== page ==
Happy news about animals
Last summer, a local equestrian camp served as the setting for an upcoming children’s book about the Pony Express.
Robert Gould and Kathleen Duey collaborated with Miller Equestrian Services, a training stable in northern Escondido, to shoot pictures for “Pony Express,” the latest book in their “Time Soldiers” series (published through Gould’s Carlsbad-based Big Guy Books).
“Time Soldiers,” an adventure series geared toward young male readers, features a group of neighborhood children who travel through time and have various adventures. The books are illustrated using a unique combination of photographs of real children and computer generated images and backdrops to create movielike images.
In previous books, the Time Soldiers’ travels have taken them back as far as the Mesozoic era, when dinosaurs roamed the Earth, as well as to the ancient civilizations of Egypt and Japan, medieval Europe and the pirate-infested waters of the Caribbean. Gould, founder, creator and photographer of Big Guy Books, said a Western adventure was an obvious choice for the seventh book in the series.
“Kids love the Western stuff,” said Gould.
However, the challenge was to come up with a storyline that didn’t involve the typical Western shootout.
“We don’t want to promote violence,” said Gould.
Duey came up with the idea of using the Pony Express as the storyline.
“It’s exciting: there’s no violence, but there’s still action,” said Gould.
Gould (the photographer), Duey (the writer) and Eugene Epstein (digital illustrator, effects and story board artist) began by doing research on the Pony Express, finding it to be ideally suited to their audience, since many Pony Express riders were teenagers. While Gould traveled to the Pony Express museum in Missouri, Duey scouted for an appropriate local site to serve as the backdrop for the photo shoot, as well as for some young experienced riders who could act out the story.
It turned out the perfect setting was just a few miles away in Escondido, at Miller Equestrian Services. The stable, owned and operated by Ann Miller, is home to dozens of American Saddlebred and Morgan horses and is the site of Magdalena Ecke YMCA’s summer horse camp.
“They were looking for some kids that could ride pretty well,” said Miller. “They wanted five riders: one Pony Express rider and four Time Soldiers.”
Miller chose five teenage girls who have been helping to run the summer program to participate, all of whom have been riding for years.
“I took the girls that had been working the hardest all summer,” she said.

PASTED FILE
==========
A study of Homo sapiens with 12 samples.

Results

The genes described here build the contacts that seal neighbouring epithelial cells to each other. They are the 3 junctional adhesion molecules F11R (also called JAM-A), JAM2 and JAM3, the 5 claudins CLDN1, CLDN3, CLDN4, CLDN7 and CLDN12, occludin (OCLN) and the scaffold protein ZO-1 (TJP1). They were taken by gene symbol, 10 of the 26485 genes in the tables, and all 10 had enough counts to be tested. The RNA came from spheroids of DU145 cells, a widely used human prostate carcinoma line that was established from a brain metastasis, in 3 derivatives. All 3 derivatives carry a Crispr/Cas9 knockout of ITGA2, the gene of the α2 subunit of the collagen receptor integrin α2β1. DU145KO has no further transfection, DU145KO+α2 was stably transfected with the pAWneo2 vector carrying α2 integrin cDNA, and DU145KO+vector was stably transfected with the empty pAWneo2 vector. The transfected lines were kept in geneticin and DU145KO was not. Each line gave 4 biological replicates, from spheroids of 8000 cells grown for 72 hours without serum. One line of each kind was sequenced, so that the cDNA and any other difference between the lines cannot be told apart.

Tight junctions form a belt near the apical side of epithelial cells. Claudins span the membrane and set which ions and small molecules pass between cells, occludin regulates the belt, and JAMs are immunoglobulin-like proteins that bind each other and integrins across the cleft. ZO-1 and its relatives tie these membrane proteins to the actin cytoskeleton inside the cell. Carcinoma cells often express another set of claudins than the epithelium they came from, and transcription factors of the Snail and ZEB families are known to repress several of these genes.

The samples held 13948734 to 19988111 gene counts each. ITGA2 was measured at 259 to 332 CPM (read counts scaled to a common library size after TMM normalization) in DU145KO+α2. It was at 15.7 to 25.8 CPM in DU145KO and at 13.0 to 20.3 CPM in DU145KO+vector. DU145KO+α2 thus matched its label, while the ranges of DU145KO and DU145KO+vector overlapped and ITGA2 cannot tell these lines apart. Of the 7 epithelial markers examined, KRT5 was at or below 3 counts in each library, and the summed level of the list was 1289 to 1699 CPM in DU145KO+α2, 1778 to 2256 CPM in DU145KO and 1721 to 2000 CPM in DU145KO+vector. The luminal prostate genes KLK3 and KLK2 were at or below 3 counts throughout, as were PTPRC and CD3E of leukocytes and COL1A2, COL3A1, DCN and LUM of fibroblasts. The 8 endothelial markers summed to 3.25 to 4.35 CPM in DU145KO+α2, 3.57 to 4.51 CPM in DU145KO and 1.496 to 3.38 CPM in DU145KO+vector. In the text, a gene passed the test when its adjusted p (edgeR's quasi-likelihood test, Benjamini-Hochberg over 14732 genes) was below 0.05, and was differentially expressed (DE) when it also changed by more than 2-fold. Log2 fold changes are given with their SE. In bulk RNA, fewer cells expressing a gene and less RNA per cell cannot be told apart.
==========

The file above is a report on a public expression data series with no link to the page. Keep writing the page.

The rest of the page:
The riders, who ranged in age from 14 to 17, did one photo shoot at the stables and another at Daley Ranch, where they rode on trails as well as through open spaces. Gould said the photo shoot was exciting but nerve-wracking at times.
“I was standing on a path shooting while two horses galloped towards me,” he said.
Although every Time Soldiers book requires one or two large-scale photo shoots (such as the shoot held on the Star of India, the historic sailing ship in San Diego harbor for the pirate-themed “Patch”), Gould said “Pony Express” has had the most on-location action (as opposed to studio shots) out of all of the Time Soldiers books, and is also shaping up to be the most historically accurate book in the series so far.
“Each book that we do seems to be more and more authentic in terms of the props and costumes,” he said.
Epstein said the riders helped to ensure the accuracy of the shoot by dressing in character: they wore hats and bandanas to conceal their hair and used authentic western saddles.
“The girls took it literally: they changed their look to look like boys,” said Epstein.
Back at Big Guy Books’ Carlsbad headquarters, Gould will photograph the four boys who play the Time Soldiers on a fake horse in their photo studio. Gould said his wife’s cousin, a 13-year-old rodeo rider from Arizona, will play the role of fictional Pony Express rider Caleb Brown.
“He’s a real cowboy,” said Gould.
After the final photo shoot, Epstein will superimpose the Time Soldiers’ images over the female riders’. Although their faces will not appear in the book, Gould said creating “Pony Express” would not have been possible without the help of Miller and her young riders.
“They have been phenomenal,” said Gould. “The girls did a wonderful job. They were excellent riders.”
Miller said the girls enjoyed the experience.
“They had a lot of fun with it,” she said.